A few weeks ago something happened that I didn’t write about immediately, for several reasons. But now I want to share it, not least so I can remind myself.
As I drove down the highway that afternoon, enjoying the lush greenness of the grass and trees, savoring the brilliant blue sky, singing at the top of my lungs to classic rock, I had the sudden realization that I felt whole.
Months ago, my aunt had said to me, “What God wants is for you to feel whole.” I thought that sounded wonderful, but I didn’t see how it would ever happen. And the sense of wholeness hasn’t lasted: Most days I still feel fractured, splintered, holding on with white knuckles that are sweaty and slipping, certain that I’m about to lose my grip and at any second I’ll fall. But in the moment I knew exactly what she meant. I didn’t feel happy or fulfilled, necessarily, but like I was enough, complete. Like nothing was missing from my soul.
Later that day, I stopped by a thrift store, where I immediately strolled over to the books, because I’m me.
Also because I’m me, there are a half-dozen series I’m actively collecting so I can read them in order. I have lists on my phone of the titles I need. (Hey, I have never claimed not to be a total nerd. But that’s cool now, right?) So I walked to the first shelf, and there were pristine books from two of the series. Books that I realized, when I checked my phone, fit some of the gaps on my shelves. The store didn’t have everything I wanted, and they had a couple of titles that I already own, but it was still a pretty exciting discovery.
And that, to me, is the joy of thrifting: You walk into a store with no idea of what you will find, and sometimes what you find is perfect.
I continued to shop, accumulating a stack that included, in the final tally, books from four different series I was seeking, as well as a Christian title that had been on my wish list for months.
I browsed for a bit, then went to check out. A woman was bagging items and loading them into her cart, so I waited a few minutes before I finally worked up the nerve to ask if she had already paid. She laughed and apologized and commended my patience. I told her if I went home, I’d have to clean my place, so it was in my best interest to stall. We chatted for a few minutes — nothing earth-shattering, just how much we hate housecleaning and about the home business she had just started. The kind of small talk I have missed so much since COVID hit.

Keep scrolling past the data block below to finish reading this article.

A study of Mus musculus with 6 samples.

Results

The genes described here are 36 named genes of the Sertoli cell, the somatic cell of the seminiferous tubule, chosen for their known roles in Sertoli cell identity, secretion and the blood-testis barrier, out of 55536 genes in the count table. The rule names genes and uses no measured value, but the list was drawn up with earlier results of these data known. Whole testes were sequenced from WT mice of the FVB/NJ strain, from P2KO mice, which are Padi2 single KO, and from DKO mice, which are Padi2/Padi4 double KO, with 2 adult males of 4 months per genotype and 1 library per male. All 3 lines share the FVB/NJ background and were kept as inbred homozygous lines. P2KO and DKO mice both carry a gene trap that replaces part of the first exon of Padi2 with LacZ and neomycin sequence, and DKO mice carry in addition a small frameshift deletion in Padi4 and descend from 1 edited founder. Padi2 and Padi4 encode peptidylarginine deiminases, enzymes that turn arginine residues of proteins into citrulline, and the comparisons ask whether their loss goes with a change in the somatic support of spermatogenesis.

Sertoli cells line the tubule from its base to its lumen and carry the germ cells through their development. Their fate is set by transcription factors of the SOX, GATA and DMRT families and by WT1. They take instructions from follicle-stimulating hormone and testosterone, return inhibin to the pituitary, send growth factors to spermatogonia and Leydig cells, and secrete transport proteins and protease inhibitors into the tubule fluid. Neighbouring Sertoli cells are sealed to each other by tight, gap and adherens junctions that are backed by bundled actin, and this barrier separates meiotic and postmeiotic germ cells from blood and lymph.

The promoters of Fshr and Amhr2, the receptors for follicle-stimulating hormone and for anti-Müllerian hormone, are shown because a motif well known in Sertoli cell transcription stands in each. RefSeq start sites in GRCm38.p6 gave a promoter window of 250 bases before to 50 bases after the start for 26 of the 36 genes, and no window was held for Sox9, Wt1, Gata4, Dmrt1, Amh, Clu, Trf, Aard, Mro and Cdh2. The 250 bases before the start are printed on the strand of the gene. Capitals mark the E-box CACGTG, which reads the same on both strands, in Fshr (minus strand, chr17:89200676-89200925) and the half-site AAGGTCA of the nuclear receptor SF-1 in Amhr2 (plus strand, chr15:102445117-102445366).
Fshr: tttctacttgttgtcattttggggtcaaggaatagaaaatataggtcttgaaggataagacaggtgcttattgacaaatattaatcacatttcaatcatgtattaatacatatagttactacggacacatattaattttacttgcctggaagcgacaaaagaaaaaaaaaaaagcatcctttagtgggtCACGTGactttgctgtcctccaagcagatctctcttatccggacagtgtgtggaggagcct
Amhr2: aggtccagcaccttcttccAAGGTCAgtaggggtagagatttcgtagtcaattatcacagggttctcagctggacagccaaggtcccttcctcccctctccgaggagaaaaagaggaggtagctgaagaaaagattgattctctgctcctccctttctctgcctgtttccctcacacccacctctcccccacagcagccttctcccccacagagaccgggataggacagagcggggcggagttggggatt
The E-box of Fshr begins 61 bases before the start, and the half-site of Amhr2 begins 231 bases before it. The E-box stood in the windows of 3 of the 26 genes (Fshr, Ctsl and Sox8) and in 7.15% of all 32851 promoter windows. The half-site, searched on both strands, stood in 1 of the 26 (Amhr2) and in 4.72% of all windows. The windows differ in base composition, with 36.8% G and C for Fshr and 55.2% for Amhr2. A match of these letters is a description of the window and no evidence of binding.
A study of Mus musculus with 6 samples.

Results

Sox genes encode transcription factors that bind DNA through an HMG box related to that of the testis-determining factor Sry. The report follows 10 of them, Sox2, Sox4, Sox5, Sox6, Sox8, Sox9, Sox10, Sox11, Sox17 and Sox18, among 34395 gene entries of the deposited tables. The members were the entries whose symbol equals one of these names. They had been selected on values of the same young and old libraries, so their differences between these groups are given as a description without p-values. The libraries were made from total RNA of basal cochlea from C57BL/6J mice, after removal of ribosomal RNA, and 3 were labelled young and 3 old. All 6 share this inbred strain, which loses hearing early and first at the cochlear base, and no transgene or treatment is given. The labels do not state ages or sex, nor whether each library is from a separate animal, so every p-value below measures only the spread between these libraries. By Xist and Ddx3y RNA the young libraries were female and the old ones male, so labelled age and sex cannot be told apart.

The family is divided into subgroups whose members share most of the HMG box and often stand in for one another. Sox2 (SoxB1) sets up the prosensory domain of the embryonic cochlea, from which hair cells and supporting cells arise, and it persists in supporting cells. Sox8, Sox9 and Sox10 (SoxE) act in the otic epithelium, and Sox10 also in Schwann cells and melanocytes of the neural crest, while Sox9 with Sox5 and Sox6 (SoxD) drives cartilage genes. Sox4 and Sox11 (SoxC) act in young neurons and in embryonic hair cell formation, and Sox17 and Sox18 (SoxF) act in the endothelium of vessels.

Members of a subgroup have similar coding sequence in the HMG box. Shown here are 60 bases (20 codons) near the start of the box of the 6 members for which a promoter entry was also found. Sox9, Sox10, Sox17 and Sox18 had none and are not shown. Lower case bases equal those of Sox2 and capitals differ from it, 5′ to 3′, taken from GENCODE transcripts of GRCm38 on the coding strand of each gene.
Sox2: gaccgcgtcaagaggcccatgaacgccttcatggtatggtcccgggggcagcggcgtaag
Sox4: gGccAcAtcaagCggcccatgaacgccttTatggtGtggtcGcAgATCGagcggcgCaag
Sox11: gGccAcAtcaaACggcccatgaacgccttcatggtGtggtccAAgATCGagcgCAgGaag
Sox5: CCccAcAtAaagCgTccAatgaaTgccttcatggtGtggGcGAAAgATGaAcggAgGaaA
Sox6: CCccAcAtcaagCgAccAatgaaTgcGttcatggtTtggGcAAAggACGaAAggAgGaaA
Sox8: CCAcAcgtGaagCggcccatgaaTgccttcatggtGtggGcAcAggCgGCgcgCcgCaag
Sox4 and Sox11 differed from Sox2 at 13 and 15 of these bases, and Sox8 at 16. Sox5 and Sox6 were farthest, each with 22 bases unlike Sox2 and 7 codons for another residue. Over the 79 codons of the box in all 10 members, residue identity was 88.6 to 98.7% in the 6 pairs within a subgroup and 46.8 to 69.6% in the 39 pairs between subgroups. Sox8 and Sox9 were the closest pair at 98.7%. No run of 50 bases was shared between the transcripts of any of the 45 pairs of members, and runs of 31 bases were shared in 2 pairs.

As we spoke, I gave my books to the woman working at the register, held out my debit card, and finally realized she wasn’t accepting it. So I looked at her in confusion.
And she said, “Baby, this is your lucky day. I am not taking your money for books, and all you have are books. In fact, you go back over there and pick out more books if you want to. Take as many as you want. Books are free to you today.”
I stared at her. “You just made my day.”
She bagged my books and handed them back to me. “Go, knowing the Lord blesses you,” she said.
And I did. I knew.
Something else had happened earlier that day, between my feeling of wholeness and the thrift store visit. It is the most dramatic example I have experienced of God keeping a promise I hadn’t even been sure was from God. It’s something I cannot, and probably never will, speak of publicly, but it was decisive and soothed doubts about a choice I had made.
So the woman’s gift of books wasn’t just a kind gesture that saved me $15-20 and offered an unexpectedly sweet moment of grace from a stranger — although it was both of those things, and I badly needed the sweetness and grace. It was also a benediction, an underscoring of the wholeness and the fact that I’d just seen God fulfill a promise.
I am trying to hold to this now, while I’m in the empty space after one job has ended and I don’t yet know the next step in my life, the next place I will land. I am trying to trust that whatever follows will be good — and in ways that I can recognize as good, not just some inscrutable “I trust this is somehow ultimately good even though it sucks in the moment” state.
I’m trying to believe God loves me even though I am terrified I will fall through the cracks in the world and vanish, and even when I think I fell through those cracks long ago and I’ve spent my life as little more than a ghost.
I’m trying to recapture that sense of spontaneity and delight and pleasure, trying to link those feelings to God, because the word “God” still evokes in me the image of a joyless, puritanical, power-drunk sadist. I am trying to replace that with the experience of a God who drew my eye to the color of the sky, the freshness of the grass; a God who grinned and maybe even hummed along with my enthusiastically off-key rendition of REO Speedwagon’s “Take it on the Run”; a God who had spoken specific words into my mind weeks earlier and gave me a clear confirmation that day that I’d heard them right; a God who, instead of scolding me for acquiring yet more books (like everyone else in my life, myself included), gave them to me as a gift; a God who smiled at me out of a pair of kind brown eyes and spoke a blessing through a woman’s lips.